About 60 percent of pediatric cancer patients experience malnourishment during treatment. At that point, patients and families have a choice: tube feeding or IV nutrition supplement. Which would you choose? A study published this week in the Journal of Pediatric Oncology Nursing shows that families’ perceptions, especially of the discomfort of tube feeding, leads to choosing IV over tube – despite the fact that tube feeding is usually the better choice, associated with better gut function and lower rates of infection.
“Despite the benefits of tube feeding, we found a strong preference among families and older pediatric patients for IV feeding,” says Kitty Montgomery, MS, RN, PCNS-BC, CPHON, the study’s senior author and pediatric clinical nurse specialist at Children’s Hospital Colorado, a clinical care partner of the University of Colorado Cancer Center. Research was conducted while Montgomery was working at the Children’s Hospital Wisconsin.
The study surveyed 49 parents and older pediatric cancer patients. Of 14 patients, all reported preferring IV feeding over tube feeding, for example saying, “I already had a port in for chemo, so we used that for TPN,” and, “Tube feeding sounds disgusting and uncomfortable.”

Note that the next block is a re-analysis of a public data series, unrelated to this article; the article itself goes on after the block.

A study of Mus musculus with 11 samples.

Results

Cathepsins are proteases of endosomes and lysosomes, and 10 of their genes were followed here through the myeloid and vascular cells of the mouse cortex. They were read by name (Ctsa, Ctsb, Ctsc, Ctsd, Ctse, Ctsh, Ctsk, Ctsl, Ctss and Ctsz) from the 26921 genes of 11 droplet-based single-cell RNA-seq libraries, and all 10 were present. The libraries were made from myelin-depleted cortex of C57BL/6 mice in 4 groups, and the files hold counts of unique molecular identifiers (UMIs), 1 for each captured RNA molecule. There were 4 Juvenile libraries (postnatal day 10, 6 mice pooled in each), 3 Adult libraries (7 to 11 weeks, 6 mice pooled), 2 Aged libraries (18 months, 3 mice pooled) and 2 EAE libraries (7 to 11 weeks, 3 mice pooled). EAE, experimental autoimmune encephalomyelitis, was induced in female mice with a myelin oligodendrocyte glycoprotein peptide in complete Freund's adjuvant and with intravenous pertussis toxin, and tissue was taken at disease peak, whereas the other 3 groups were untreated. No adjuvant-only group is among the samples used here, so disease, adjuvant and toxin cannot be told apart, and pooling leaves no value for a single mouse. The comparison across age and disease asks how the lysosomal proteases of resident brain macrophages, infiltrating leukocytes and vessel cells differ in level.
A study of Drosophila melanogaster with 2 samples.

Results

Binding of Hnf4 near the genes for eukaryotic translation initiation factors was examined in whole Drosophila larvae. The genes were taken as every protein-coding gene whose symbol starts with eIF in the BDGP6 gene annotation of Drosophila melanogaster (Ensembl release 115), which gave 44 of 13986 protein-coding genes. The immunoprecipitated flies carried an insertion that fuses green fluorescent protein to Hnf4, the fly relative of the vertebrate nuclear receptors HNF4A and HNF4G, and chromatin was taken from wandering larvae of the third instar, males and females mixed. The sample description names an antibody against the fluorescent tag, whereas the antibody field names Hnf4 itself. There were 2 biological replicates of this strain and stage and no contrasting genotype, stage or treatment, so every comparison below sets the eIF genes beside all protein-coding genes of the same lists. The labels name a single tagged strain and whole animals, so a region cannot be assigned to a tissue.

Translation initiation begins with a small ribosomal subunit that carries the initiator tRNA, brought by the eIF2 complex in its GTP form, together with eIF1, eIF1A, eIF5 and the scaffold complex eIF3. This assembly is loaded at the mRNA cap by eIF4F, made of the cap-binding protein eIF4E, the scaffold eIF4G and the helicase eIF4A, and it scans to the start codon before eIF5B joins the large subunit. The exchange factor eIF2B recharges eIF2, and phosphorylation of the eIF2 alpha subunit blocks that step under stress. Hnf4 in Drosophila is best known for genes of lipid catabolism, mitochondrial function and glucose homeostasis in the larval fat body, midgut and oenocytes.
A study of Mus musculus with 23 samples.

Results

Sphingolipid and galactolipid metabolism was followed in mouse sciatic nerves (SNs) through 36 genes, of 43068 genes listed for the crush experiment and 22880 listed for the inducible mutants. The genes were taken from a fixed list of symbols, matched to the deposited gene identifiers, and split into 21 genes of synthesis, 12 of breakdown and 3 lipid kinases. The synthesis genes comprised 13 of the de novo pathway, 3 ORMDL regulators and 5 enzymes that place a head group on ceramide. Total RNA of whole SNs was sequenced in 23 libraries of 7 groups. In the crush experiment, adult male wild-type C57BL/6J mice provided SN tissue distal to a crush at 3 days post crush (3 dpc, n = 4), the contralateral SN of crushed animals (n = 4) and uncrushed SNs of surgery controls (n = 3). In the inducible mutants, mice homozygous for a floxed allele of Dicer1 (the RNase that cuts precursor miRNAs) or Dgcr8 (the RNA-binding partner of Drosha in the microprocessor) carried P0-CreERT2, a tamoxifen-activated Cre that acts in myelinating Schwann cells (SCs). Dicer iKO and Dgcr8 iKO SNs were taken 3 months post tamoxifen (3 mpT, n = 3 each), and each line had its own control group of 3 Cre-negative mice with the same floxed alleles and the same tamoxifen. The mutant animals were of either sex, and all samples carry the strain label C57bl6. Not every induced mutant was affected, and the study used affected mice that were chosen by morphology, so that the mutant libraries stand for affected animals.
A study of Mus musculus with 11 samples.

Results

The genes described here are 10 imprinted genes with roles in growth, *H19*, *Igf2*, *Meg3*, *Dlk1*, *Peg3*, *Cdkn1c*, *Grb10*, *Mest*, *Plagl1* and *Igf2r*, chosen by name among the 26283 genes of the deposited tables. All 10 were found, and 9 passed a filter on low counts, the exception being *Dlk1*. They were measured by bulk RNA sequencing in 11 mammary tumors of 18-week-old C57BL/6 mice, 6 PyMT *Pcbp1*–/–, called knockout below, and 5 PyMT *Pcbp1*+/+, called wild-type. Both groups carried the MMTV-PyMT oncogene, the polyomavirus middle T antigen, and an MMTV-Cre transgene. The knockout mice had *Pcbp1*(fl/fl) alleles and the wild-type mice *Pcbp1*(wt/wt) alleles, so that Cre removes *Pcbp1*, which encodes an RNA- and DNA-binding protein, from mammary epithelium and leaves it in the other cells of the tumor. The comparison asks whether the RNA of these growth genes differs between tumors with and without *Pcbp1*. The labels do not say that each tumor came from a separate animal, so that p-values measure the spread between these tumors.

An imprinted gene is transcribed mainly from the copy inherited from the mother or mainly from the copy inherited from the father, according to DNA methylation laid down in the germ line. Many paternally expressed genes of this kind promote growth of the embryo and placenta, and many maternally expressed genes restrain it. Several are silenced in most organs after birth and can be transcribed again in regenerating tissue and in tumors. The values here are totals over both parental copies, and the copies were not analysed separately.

“When nutrition support is needed, most health care teams suggest tube-feeding first. Only, we tend to find resistance to the idea from parents or patients,” Montgomery says. “This study shows us the reasons for those objections and we hope will help us learn to break down those barriers to the best method of support.”
Parents of pediatric cancer patients were much more evenly split between preference for tube feeding (41 percent) and IV feeding (59 percent), with the parents who preferred tube feeding frequently citing information about the procedure given by the treatment team as the reason for their choice. For example, one parent said, “Tube feeding is helpful in giving meds and not as hard on the liver and keeps the digestive system working properly.” Another parent who preferred tube feeding said they, ”Chose tube feedings because it helped to keep digestive system active, making it easier to adjust back to food.”
“This helps us tailor our message,” says Montgomery. “We see now that the biggest barrier to tube feeding is perceived discomfort, so health care professionals may have better success with patients and parents by addressing that issue. What we need to do now is learn to translate these findings into action.”
The authors received financial support from the Rebecca Slye Endowment Grant to conduct the research.